Shoulder related pages:
Shoulder pain is a common source of pain and can be caused by numerous conditions including:
- Rotator cuff related shoulder pain – The Rotator Cuff muscles are a group of four muscles that control and provide stability to the shoulder. They may cause pain in the shoulder or upper arm, particularly when lifting the arm, lying on it in bed or using the muscles during activities such as washing and getting dressed.
- Acromioclavicular joint pain – This joint is the bony prominence at the top of the shoulder and is the junction between the collar bone and the shoulder blade. Often pain in the joint presents over a gradually and is associated with osteoarthritis and normal degenerative joint changes; however it can also be injured with a trauma or fall.
- Frozen shoulder – This very painful condition is also associated with increased stiffness and restriction of all shoulder movements and activities. It is commonly extremely painful at night causing problems sleeping and is severely limiting with all activities such as washing and dressing.
- Referred shoulder pain – Shoulder problems most commonly causes pain in the upper arm and shoulder itself; however the pain and symptoms may actually be coming from another source such as the neck.
- Osteoarthritis – Osteoarthritis of the shoulder, is caused by normal age related changes within the ball and socket joint of the shoulder. It is much less common than arthritis in other joints of the body such as the knees or hips and may cause pain and stiffness over a period of months or years. Symptoms can sometimes be triggered after an injury or fall.
- Shoulder instability – This is often associated with an acute injury such as a dislocation, or with laxity and weakness in the shoulder muscles which cause excessive movement of the shoulder joint.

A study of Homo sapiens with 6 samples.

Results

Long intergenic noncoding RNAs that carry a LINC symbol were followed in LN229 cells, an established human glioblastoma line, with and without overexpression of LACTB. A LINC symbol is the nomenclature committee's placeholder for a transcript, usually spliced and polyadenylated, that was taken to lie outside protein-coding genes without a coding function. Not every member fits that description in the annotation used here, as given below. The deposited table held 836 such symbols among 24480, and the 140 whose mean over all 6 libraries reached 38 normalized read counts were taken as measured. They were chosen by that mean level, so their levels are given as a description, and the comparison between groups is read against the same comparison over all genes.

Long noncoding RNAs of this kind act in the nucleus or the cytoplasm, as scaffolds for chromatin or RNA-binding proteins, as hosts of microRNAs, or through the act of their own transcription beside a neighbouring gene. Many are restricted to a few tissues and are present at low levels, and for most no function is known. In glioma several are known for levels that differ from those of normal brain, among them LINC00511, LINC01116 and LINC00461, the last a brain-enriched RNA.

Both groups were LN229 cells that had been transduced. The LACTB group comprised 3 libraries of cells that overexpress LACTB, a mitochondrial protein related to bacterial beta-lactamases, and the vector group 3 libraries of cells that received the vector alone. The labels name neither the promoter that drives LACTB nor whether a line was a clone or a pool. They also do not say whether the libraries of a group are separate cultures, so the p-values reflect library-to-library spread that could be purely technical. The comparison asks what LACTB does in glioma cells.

Click on the links to the left to find out more about each condition and how to manage the symptoms and pain.
Dealing with Shoulder Pain
Shoulder pain can usually be easily managed by you, at home. Simply reducing or stopping the activity that has caused the pain can make an enormous difference.
Painkillers such as paracetemol can also be used to help manage the symptoms, but you should always consult your GP or pharmacist before taking.
Click on the relevant condition using the links on the left, to find out more about dealing with shoulder pain.
Avoiding Shoulder Pain
Avoiding rotator cuff problems
- Avoid excessive unaccustomed activity with the hands above shoulder height e.g. doing tasks like painting the ceiling, hanging curtains and trimming the hedge in short periods of time
- If you exercise, ensure you balance your training programme to incorporate strength work for all muscle groups
- Take breaks from repetitive shoulder movements and heavy lifting
Avoiding acromioclavicular joint pain
- Avoid excessive overhead activities
Avoiding referred shoulder pain
- Poor posture is a common cause of referred pain in your shoulder and often can be managed by merely improving your posture and keeping your neck moving
- Wear and tear arthritis (osteoarthritis) occurs with age. Keeping yourself fit and active, with correct shoulder and neck posture as well as keeping your shoulders strong and flexible can help to alleviate and manage your shoulder symptoms.